The rule will double—to $47,476—the salary threshold under which workers are virtually guaranteed time-and-a-half pay when working over 40 hours a week. This dramatic increase exceeds DOL’s legal authority, which is why we’ve led a broad coalition of business groups in going to court over the rule.
We’re challenging it on the grounds that the excessive salary threshold increase contradicts Congress’ intent for executive, administrative, and professional employees to remain exempt from overtime pay. Moreover, the rule includes an unauthorized provision that will cause the salary exemption to rise automatically every three years without going through the standard rulemaking process or comment phase.
At the Chamber, suing is always the last resort. In fact, the Chamber and its federation of state and local partners made good faith recommendations to DOL before the rule was proposed. Our advice was ignored.
The rule’s legal shortcomings are far from its only problems. It will also cost businesses a staggering $1.2 billion every year and cause major compliance headaches. By raising costs for businesses, this rule will be an added drag on economic growth. And a good rule of thumb is that if it’s bad for economic growth, it’s bad for everybody.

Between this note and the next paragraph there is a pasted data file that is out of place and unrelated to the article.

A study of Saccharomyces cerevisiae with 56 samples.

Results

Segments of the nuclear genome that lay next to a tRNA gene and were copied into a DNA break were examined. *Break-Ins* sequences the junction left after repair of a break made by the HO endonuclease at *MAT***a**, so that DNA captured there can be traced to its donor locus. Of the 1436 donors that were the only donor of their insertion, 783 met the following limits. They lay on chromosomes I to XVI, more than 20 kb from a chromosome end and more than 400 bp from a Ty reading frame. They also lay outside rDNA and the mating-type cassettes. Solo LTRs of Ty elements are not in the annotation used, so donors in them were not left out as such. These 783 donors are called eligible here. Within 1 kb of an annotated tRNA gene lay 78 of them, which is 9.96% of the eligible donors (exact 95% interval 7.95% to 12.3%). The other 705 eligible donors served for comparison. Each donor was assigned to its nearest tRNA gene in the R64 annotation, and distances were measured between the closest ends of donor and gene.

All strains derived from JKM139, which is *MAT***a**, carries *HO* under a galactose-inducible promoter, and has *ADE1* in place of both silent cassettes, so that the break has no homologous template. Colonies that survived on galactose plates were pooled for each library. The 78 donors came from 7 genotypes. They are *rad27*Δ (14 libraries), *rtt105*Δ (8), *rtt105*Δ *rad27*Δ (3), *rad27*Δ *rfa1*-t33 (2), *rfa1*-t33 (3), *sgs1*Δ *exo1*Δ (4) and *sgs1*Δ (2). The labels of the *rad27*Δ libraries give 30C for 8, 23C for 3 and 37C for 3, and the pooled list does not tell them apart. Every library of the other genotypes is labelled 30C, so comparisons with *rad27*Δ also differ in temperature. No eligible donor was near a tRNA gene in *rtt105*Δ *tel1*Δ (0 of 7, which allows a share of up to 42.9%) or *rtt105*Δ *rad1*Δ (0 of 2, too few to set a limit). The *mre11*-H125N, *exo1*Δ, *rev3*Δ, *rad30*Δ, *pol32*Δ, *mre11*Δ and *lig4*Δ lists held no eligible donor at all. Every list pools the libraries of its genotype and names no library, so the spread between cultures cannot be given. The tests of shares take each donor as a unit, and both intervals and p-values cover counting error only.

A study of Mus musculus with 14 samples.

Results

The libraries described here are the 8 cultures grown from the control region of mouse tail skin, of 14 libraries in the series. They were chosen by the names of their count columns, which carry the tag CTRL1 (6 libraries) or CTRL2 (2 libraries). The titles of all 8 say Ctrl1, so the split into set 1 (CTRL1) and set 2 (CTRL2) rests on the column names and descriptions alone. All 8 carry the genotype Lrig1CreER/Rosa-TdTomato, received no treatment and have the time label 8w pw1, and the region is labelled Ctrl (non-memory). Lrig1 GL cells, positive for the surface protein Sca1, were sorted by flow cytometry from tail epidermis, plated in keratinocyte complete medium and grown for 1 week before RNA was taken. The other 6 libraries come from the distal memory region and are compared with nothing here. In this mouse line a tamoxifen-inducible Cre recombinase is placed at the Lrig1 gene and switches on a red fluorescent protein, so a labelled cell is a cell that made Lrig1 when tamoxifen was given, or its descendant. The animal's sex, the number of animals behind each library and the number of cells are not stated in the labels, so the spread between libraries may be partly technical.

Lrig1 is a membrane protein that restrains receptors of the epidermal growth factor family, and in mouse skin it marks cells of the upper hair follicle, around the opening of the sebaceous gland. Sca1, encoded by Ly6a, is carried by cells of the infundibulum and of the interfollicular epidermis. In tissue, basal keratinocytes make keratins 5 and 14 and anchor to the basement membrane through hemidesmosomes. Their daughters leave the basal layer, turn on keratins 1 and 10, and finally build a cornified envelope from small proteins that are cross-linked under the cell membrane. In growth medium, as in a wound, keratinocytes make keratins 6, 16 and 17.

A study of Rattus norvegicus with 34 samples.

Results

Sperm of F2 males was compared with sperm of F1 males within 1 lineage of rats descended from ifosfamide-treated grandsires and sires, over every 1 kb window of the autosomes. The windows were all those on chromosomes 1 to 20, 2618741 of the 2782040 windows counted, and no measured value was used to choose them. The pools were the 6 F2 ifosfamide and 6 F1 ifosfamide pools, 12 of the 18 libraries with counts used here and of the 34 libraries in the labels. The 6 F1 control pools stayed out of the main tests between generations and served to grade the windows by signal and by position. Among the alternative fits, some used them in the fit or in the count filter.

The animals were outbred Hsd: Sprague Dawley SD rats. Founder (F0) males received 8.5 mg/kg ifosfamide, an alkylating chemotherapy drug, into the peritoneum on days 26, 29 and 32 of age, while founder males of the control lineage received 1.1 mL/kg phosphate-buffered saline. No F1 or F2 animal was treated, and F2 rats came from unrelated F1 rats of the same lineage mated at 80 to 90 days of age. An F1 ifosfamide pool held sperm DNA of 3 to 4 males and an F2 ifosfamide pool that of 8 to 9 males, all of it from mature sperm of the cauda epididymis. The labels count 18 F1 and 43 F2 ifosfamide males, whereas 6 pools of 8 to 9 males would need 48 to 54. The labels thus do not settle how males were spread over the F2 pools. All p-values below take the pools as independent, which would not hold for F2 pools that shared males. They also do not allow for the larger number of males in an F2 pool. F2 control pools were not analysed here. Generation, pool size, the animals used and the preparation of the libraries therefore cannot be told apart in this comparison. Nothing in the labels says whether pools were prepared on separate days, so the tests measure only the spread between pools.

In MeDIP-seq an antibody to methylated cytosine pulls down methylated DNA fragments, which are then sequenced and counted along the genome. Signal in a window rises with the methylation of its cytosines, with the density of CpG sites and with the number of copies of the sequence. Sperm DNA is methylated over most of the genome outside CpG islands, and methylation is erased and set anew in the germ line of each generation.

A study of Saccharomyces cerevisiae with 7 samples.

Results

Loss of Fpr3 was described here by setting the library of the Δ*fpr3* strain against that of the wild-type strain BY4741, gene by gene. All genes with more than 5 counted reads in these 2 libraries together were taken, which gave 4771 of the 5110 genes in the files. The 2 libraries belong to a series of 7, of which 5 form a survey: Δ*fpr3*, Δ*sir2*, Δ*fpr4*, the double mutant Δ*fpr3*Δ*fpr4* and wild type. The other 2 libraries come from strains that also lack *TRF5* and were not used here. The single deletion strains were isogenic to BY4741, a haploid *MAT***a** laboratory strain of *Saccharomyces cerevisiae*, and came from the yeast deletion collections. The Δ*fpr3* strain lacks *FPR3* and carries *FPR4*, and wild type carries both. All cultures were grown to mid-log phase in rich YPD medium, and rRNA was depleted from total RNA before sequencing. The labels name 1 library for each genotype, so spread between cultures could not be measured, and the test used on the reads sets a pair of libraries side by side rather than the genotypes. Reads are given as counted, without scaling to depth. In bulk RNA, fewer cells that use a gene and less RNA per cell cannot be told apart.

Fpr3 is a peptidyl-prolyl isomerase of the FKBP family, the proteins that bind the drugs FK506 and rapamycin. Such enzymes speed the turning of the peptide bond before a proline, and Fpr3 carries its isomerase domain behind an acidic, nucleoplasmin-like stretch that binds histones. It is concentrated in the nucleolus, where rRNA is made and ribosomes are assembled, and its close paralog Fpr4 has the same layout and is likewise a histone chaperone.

How will it hurt workers? If employers can’t afford to increase salaries to maintain the exempt status of their employees, they’ll be forced to reclassify workers from salaried to hourly wages, which is the opposite of how careers normally progress. While these workers will still be performing exempt duties, they’ll now be on the clock—likely meaning they will no longer be able to work remotely or travel for their jobs.
Although the Chamber has acknowledged that the salary threshold should be updated, DOL’s overtime rule will hurt the very people the department claims it’s trying to help. If you want to lift incomes, you must grow the economy—not hold it back by further hamstringing job creators.
From the disastrous implications for businesses and workers to the circumvention of Congress and written law, this rule is bad news any way you look at it. The Chamber sees no choice but to challenge it in court.